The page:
What have dead whales ever done for us?

When dead whales wash up on dry land they provide a vital food source for...
Risso's dolphin © Andy Knight

We’re getting to know Risso’s dolphins in Scotland so we can protect them

Citizen scientists in Scotland are helping us better understand Risso's dolphins by sending us their...
Pilot whales pooing © Christopher Swann

Talking crap and carcasses to protect our planet

We know we need to save the whale to save the world because they are...
Fin whales are targeted by Icelandic whalers

Speaking truth to power – my week giving whales a voice

The International Whaling Commission (IWC) meeting is where governments come together to make decisions about whaling...

Why do whales and dolphins strand on beaches?

People often ask me 'why' whales and dolphins do one thing or another.  I'm a...
A spinner dolphin leaping © Andrew Sutton/Eco2

Head in a spin – my incredible spinner dolphin encounter

Sri Lanka is home to at least 30 species of whales and dolphins, from the...
Sperm whale (physeter macrocephalus) Gulf of California. The tail of a sperm whale.

To protect whales, we must stop ignoring the high seas

Almost two-thirds of the ocean, or 95% of the habitable space on Earth, are sloshing...
WDC team at UN Ocean conference

Give the ocean a chance – our message from the UN Ocean Conference

I'm looking out over the River Tejo in Lisbon, Portugal, reflecting on the astounding resilience...

A Daughter's Dream

There are many inspirational moments in this field….but none more than when someone honors a loved ones by continuing their passion. All of us in our North American office were so very touched by the Rodecker’s we asked one of this year’s interns, Michelle Collins, to share their story.

One of the things I’ve enjoyed most this summer interning has been interacting with others who share the same love for marine life as myself. This past week, I had the opportunity to meet and go whale watching with Jack Rodecker. Jack’s pursuit of whale and dolphin watching has taken him not just to Massachusetts but also Florida, Alaska, Texas, and even the Bahamas. While many passengers come aboard whale watches to see these large, majestic creatures while on vacation, whale watching is so much more to Jack.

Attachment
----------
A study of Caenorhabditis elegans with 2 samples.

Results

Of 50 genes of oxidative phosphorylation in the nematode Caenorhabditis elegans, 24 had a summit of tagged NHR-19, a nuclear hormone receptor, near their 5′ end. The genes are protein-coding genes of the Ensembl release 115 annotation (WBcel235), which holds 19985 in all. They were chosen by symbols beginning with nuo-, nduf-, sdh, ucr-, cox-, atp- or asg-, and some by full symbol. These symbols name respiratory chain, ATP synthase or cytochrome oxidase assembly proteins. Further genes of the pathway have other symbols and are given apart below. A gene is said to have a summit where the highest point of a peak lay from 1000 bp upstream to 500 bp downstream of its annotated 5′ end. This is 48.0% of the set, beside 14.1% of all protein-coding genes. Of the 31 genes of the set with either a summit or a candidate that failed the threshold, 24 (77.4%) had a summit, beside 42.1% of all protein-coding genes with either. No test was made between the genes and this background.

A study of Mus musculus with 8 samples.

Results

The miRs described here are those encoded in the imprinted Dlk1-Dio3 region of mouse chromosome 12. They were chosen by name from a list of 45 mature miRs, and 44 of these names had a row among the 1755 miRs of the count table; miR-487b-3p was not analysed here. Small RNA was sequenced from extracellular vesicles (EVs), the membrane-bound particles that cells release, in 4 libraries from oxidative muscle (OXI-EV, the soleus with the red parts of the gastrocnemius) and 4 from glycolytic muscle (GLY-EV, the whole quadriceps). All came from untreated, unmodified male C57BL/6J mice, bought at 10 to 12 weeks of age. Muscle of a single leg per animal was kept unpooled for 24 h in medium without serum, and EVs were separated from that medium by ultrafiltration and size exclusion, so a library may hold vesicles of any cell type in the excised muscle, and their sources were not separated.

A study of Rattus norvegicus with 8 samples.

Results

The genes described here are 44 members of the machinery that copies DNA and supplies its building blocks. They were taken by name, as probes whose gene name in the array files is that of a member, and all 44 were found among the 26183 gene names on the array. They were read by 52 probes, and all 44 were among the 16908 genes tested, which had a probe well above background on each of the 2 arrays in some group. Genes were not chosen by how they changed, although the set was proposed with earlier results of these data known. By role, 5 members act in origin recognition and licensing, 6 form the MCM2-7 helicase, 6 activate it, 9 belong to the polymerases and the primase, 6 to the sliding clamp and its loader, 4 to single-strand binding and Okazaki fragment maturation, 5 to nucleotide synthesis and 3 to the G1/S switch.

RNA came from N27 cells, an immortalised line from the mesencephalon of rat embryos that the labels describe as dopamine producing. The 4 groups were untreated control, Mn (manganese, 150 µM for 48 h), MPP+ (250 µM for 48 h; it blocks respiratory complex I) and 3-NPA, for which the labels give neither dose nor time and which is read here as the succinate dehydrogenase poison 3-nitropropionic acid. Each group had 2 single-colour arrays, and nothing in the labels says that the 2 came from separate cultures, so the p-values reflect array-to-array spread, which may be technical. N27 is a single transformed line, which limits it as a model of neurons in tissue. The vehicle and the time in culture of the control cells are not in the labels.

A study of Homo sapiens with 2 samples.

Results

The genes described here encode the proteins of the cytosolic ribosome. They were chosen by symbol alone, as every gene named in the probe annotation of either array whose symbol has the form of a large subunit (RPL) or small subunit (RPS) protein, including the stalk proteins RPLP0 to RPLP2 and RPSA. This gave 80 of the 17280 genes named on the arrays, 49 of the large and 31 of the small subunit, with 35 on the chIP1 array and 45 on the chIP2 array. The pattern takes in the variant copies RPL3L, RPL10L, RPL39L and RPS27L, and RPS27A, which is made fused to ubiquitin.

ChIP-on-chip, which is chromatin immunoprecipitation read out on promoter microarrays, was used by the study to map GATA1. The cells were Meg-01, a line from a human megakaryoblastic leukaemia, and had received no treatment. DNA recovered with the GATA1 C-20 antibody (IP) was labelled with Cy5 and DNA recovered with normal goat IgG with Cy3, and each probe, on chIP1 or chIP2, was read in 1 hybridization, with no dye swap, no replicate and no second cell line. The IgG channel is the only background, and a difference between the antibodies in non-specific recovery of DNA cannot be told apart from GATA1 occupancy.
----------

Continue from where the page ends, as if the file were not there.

Jack’s interest in whales was originally inspired by his daughter Alison. Ever since a young age, Alison was very interested in marine life and was the one who dragged Jack to all of the exotic locations in order to see her favorite animals in the wild. They came to Plymouth every year and went whale watching on Captain John Boats for over 20 years. In 1991 when Alison was 10, the Rodecker family adopted one of our adoptable whales, Olympia. Olympia is a large female who has had 7 calves that we know of and is grandmother 9 times over and a great-grandmother 4 times over! However, this is probably not the actual size of Olympia’s family tree because we are only able to track Olympia’s descendants through her daughters because DNA samples are required for paternity. Also Olympia was a grown female when we first sighted her so she could have had more calves prior to when we first documented her.

As Alison grew up, her love for marine life never faded. She graduated from Somerville High School and attended the University of Rhode Island to study Marine Sciences.  Although Alison loved all whales and marine life, her favorites were always the orcas. After graduating high school, Alison worked at Sea World in San Antonio, Texas where she soon learned she did not enjoy seeing these animals in captivity. Instead, Jack and Alison traveled to Vancouver Island to see orcas in their natural environment. Sadly, in November of 2005, Alison passed away from a sudden illness.

In the aftermath, Jack decided that he was going to carry on his daughter’s passion to conserve her favorite animals. Jack and the Rodecker family began the Perth Amboy High School Scholarship fund which awards the Alison Michele Rodecker scholarship to one graduating senior of Perth Amboy High School who is continuing on to major in environmental studies in college. This scholarship was first awarded in 2006 and has continued to award one student every spring.

Alison’s legacy has also been continued through the efforts of seven elementary schools in Perth Amboy, where Jack serves as the superintendent. The students have been hard at work bringing awareness of the problems facing whales such marine debris and the decreasing health of our oceans through choir concerts, writing letters to legislators, and holding fundraisers to benefit the Save the Whales organization and the Alison M. Rodecker Memorial Scholarship Foundation. Many of the schools also have a week dedicated to learning about marine life through which many of the students have fallen in love with whales just as Alison did at their age.

Because of Jack, over $60,000 has been raised to benefit the conservation of the creatures that were so close to his daughter’s heart. It was such an honor to be on board a whale watch with Jack and I have no doubt that Alison is very proud of the impact her father is continuing to make.